Columns Garden Road - October 8, 2013
By Jason W. Selby
Oct 9, 2013, 13:08
I like to walk through cemeteries. They contain condensed versions of each personís life. There are humble stones whose writings have weathered to obscurity, and in some graveyards mausoleums stand in contrast, with locked gates. When I lived with my brother in Des Moines, after they diagnosed him with cancer, my cemetery of choice was Glendale, just down the street. At one entrance is a Masonic section, at the other, G.A.R. Civil War veterans with their wives, and the abbey. A pond with a fountain attracts ducks and geese and their green droppings. Their claws wear away brown patches in the surrounding grass. People park by the water and flick bread to these birds. To the west is the Jewish section with a Holocaust memorial.
The stones wind through hills. As I walked through one day, the diamond bark of a tree caught my attention. I connected it by touch to the Green Ash that grew from the cave west of my old home. That Ash held seeds. Others do not. My mom stored preserves in the cave, and it served as a survival shelter during thunderstorms. My dad led us down into its mustiness when the tornado sirens roared in Corydon. I remember my fear.
As the years went by, the roots of the Green Ash gnarled through the caveís walls and water filled in a few feet deep, leaving it a poor choice for shelter. In photographs of it, the cave looks a bit like a mausoleum, with its cement crown. Though the cave is now collapsed, the Green Ash remains. In Norse mythology, the world tree is an Ash, considered holy and congregated by the gods.
I do not consider cemeteries morbid. They are peaceful places. And not just because the dead cannot argue with you.
Though my wife and I did take my mother-in-law to see Stoneking Cemetery near Williamson, a small rural plot with local lore, for her birthday one year. Because of the legends surrounding it, and her interest in the idea of haunting, we thought she would enjoy the tour.
Much of its reputation comes from Joseph Stonekingís marker, which bears the inscription, ďDear children as you pass by / as you are now, so once was I / as I am now, so soon youíll be / prepare for death and follow me.Ē I am of two minds concerning this verse. The first is that the address, directly to children (if he is referring to literal children) and the inversion that Stoneking wished us to imagine is somewhat disturbing, in its intent. The second: that itís a reality check, and a positive one, at that. When I first read it, as we stood in the overgrown grass near sundown, the reality of this inevitable fate cast a shadow as real as the one arching through the hedgerow to the west.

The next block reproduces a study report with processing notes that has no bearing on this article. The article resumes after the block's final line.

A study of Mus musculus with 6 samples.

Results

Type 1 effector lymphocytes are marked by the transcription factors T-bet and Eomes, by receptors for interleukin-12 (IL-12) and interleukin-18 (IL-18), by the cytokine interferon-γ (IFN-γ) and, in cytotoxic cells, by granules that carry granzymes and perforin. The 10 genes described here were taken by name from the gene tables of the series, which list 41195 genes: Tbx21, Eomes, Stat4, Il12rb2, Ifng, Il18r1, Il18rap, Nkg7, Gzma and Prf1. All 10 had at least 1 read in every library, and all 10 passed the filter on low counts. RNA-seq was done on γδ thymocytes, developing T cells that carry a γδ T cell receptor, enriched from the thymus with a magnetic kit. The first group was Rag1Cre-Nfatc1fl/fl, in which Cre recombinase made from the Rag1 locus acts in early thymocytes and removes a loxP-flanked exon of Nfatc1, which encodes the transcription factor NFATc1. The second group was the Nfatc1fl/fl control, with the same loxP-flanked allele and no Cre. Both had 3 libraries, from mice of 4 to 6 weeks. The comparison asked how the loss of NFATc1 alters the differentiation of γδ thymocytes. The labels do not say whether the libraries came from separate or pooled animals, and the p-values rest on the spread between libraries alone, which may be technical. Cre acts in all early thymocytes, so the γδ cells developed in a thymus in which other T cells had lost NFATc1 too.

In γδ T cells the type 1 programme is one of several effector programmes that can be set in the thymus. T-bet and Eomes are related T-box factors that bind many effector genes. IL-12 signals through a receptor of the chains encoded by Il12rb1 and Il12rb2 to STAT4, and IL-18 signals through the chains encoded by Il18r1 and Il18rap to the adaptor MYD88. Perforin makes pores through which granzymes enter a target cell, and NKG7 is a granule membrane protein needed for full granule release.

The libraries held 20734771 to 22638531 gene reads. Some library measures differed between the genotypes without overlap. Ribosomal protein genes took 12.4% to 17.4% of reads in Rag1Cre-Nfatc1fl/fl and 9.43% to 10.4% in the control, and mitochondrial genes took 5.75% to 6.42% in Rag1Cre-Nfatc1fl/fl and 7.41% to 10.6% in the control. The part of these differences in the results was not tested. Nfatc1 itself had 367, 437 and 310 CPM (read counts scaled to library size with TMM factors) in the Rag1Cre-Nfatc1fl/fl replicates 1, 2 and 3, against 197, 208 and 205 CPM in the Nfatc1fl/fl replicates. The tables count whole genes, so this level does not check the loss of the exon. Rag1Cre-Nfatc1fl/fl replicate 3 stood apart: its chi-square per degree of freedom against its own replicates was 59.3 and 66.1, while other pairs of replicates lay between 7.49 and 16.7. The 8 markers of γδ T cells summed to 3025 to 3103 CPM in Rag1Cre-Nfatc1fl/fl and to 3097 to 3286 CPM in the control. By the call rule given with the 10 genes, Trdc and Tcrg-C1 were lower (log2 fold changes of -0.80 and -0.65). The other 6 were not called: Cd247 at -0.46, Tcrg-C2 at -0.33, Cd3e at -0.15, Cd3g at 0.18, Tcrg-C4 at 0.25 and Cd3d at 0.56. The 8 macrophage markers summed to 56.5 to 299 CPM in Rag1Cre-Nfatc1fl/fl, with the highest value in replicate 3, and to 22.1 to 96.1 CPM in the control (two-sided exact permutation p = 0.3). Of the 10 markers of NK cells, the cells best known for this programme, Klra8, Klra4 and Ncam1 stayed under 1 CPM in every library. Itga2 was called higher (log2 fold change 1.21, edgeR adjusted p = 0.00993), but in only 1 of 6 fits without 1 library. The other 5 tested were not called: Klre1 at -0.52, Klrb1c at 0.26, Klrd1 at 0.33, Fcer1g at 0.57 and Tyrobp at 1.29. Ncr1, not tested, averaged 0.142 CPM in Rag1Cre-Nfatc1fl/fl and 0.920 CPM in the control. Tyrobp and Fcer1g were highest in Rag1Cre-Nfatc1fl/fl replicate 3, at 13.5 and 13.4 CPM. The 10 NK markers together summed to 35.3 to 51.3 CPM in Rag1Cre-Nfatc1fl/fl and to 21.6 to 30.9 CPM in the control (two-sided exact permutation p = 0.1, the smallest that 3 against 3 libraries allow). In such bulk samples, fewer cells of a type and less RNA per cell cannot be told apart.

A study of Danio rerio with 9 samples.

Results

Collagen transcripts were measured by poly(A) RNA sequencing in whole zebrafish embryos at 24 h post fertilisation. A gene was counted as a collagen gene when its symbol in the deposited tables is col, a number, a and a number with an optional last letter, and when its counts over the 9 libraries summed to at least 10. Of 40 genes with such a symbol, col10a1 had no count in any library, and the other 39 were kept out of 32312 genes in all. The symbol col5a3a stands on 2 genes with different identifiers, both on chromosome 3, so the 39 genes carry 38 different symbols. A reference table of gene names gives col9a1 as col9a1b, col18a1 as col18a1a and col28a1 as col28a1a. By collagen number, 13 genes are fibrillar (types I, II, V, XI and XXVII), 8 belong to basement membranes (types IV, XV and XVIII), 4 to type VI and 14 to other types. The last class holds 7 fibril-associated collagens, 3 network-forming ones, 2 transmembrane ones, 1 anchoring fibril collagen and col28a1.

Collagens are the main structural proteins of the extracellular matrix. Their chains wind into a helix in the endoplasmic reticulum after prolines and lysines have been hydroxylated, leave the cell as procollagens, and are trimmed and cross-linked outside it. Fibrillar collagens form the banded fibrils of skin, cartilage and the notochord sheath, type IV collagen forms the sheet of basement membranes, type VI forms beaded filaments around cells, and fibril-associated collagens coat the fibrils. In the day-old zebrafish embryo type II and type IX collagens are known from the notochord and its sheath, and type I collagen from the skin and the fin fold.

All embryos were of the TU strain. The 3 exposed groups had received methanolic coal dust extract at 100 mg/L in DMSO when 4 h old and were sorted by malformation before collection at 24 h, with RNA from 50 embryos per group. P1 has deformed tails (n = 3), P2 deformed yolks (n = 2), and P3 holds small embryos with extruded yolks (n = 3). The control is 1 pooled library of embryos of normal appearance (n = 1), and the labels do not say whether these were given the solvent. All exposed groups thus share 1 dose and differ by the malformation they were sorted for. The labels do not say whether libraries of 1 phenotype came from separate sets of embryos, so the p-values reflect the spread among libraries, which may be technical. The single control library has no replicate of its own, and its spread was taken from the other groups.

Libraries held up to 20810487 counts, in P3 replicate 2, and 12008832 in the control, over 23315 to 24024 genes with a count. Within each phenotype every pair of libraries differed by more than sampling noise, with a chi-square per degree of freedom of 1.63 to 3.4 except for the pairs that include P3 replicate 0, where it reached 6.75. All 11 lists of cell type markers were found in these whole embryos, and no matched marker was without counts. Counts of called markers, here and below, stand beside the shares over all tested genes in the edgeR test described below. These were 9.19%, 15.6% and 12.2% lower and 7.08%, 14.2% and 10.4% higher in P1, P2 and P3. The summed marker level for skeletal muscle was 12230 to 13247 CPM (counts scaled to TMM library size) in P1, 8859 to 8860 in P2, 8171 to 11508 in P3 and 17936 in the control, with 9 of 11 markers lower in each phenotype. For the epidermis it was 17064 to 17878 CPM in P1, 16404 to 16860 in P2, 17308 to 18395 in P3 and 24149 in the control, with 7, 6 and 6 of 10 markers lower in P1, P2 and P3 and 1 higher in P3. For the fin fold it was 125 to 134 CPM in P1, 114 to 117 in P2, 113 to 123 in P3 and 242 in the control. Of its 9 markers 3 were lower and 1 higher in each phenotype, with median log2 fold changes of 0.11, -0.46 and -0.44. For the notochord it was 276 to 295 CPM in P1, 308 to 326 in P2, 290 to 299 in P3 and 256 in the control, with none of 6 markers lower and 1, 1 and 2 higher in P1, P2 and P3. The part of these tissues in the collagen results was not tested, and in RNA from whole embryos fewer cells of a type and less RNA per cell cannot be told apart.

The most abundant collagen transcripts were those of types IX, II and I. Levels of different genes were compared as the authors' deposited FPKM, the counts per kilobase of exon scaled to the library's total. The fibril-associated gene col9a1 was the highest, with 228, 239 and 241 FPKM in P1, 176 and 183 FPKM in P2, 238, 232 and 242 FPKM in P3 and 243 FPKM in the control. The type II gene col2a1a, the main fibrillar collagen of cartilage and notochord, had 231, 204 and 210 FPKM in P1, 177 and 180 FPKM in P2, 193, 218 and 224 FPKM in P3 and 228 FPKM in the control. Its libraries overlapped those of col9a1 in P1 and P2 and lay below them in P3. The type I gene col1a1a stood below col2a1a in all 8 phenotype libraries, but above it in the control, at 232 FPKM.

Iíve come to call this realization looking at the world through the cemetery eye. And itís not negative. I see it as similar to the third eye of some Eastern cultures.
For example, when the world gets heavy, itís good sometimes to accept that it will pass. What you accumulate, especially in narrow monetary terms, can only build you a fancier tomb. The only hands that can hold these temporary things will cease to grasp, and we must take our place, physically, with the dead.
But you can comprehend the situation with your third eyeóthe real condition that we tend to forgetóand the removal of the physical body in your mind is a necessary step. It releases you from the burdens of life without releasing you from life. It helps us to see this: that most of what we consider important is nonsense, and as permanent as a blade of grass.
When I lived in my original home next to the cave, Richardson Cemetery sits to the east, and in the evening the setting sun lit different gravestones, like playing a piano with light instead of touch. Each remainder of that personís life left an imprint in my eyes, if I closed them, as though having stared at the sun for too long. In that cemetery lies the remains of my great-great grandfather, who fought in the Civil War, and Professor Churchill, who lived in our house before my grandparentsóhe has a fish named after him, as well as the biology building at the University of South Dakota. His brother, who collapsed and died at age eighteen when he was playing basketball, is buried there. As are infants. My brother is now buried there with my grandparents, and itís where my body will be placed, eventually.
Much of decision-making is looking at the same exact circumstance and deciding what we value.
Our cave was a shelter that looked like a grave. The world tree collapsed it. Genius has been described as seeing connections most cannot make. A fair assessment of insanity is seeing something for what it is not. It requires discrimination to tell the two apart. Walking through cemeteries helps me sort out what is real and what is nonsense.